September 26, 2022
(MINNEAPOLIS, Minn.) — Thousands of nurses walked off the job earlier this month for a three-day strike to demand better working conditions at 16 hospitals and healthcare facilities throughout Minnesota.
This was the largest private-sector nurses’ strike in U.S. history, according to the Minnesota Nurses Association, the labor union that represents registered nurses.
At North Memorial Hospital where Brianna Hnath is an ICU nurse and serves as a member of the union’s contract action team, there have been 1,000 nurses in the middle of contract negotiations for six months of this year and very little progress was made, she said.
“The common undertone throughout all of this is just respect for us as nurses and our profession,” Hnath said. “If there are no negotiations, I don’t know what will happen next.”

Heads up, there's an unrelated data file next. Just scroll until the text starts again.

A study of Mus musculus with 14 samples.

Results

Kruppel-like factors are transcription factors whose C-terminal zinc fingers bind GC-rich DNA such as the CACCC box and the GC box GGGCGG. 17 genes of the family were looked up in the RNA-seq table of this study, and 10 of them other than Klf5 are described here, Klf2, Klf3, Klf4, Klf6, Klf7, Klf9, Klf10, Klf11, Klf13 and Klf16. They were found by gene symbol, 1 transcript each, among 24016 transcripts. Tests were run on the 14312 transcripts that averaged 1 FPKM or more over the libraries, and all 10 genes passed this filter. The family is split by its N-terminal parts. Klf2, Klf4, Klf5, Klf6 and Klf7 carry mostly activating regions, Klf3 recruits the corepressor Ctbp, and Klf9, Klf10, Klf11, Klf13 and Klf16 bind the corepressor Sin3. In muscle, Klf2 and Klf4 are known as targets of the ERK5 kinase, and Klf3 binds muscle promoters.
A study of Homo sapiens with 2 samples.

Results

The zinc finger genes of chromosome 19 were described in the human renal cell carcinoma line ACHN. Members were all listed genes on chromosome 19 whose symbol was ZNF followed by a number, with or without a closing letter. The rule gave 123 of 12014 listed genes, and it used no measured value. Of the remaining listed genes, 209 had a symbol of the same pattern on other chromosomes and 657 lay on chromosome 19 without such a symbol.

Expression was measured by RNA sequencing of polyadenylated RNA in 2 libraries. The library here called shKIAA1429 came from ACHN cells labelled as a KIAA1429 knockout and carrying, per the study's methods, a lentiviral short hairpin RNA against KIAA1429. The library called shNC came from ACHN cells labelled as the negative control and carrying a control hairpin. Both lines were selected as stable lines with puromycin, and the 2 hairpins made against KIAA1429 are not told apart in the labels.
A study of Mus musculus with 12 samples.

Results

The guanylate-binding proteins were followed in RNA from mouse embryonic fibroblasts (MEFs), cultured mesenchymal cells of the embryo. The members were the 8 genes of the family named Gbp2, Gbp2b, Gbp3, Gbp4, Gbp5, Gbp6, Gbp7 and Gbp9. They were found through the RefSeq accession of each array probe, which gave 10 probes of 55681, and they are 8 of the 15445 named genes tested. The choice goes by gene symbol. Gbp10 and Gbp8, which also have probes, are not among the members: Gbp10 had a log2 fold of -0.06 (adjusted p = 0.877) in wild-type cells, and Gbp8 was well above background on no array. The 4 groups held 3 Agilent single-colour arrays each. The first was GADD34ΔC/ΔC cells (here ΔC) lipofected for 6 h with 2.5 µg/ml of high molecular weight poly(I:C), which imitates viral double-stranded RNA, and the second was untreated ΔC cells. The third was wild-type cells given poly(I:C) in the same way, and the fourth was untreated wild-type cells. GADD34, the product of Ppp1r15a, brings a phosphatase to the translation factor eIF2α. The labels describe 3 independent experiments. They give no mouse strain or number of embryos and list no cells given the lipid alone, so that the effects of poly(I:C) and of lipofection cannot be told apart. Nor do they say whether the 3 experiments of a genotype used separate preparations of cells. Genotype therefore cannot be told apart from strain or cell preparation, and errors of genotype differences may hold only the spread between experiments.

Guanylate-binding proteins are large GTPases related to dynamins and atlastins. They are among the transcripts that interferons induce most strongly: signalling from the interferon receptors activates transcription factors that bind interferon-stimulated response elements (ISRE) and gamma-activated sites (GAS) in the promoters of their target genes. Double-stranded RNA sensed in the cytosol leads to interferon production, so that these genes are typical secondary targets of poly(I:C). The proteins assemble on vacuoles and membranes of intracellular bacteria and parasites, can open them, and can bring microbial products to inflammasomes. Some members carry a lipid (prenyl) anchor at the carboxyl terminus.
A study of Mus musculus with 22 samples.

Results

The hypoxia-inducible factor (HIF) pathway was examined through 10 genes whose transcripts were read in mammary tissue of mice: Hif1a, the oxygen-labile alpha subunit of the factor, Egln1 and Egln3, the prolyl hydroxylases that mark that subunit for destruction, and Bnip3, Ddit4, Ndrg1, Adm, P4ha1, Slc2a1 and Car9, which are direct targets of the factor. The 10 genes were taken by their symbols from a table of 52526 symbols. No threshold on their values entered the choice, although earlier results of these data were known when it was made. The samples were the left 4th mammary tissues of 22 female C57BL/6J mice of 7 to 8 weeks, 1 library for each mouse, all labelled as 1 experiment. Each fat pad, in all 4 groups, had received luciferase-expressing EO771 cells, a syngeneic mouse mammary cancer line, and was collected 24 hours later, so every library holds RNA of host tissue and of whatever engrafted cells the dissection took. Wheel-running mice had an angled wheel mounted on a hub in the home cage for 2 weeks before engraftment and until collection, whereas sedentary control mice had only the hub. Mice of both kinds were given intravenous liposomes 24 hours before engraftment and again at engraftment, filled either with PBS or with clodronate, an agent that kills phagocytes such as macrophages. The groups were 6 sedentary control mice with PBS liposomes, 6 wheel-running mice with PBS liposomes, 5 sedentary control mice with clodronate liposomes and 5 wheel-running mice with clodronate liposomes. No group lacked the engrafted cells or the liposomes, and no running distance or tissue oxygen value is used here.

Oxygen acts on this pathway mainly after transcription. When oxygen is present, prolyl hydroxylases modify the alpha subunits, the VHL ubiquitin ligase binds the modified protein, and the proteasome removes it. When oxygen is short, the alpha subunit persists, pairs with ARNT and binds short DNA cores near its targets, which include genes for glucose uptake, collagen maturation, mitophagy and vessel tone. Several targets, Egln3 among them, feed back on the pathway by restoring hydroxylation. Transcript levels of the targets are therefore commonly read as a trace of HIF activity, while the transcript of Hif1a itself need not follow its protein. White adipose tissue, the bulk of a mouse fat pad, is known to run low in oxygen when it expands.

Beyond fighting for higher wages, the nurses desire better staffing, scheduling, and reduced risk of workplace violence, Hnath said. Patients and family members have physically and verbally attacked nurses over the years, she said.
During the three-day strike, nurses marched in the streets surrounding the Abbott Northwestern Hospital in Minneapolis or played music and recited chants while holding posters in front of their respective hospitals and healthcare facilities.
“I feel super empowered,” says Toni Eustice, a registered nurse at North Memorial Hospital in Robbinsdale. “It feels so good to be out here and so good getting our message across and having so much support from people.”
Hnath and her coworker, Eustice, expressed hope for change when they return to work. “I just hope the hospital sees it as more than just money,” says Eustice.
The Click reached out to the Robbinsdale hospital via phone but a spokesperson declined to comment about the strike. A spokesperson for the Minneapolis hospital also declined to comment about the strike and assured that services for patients were not interrupted.
Hnath says it’s unclear when the next negotiations meeting will be held or if they’ll go on strike again.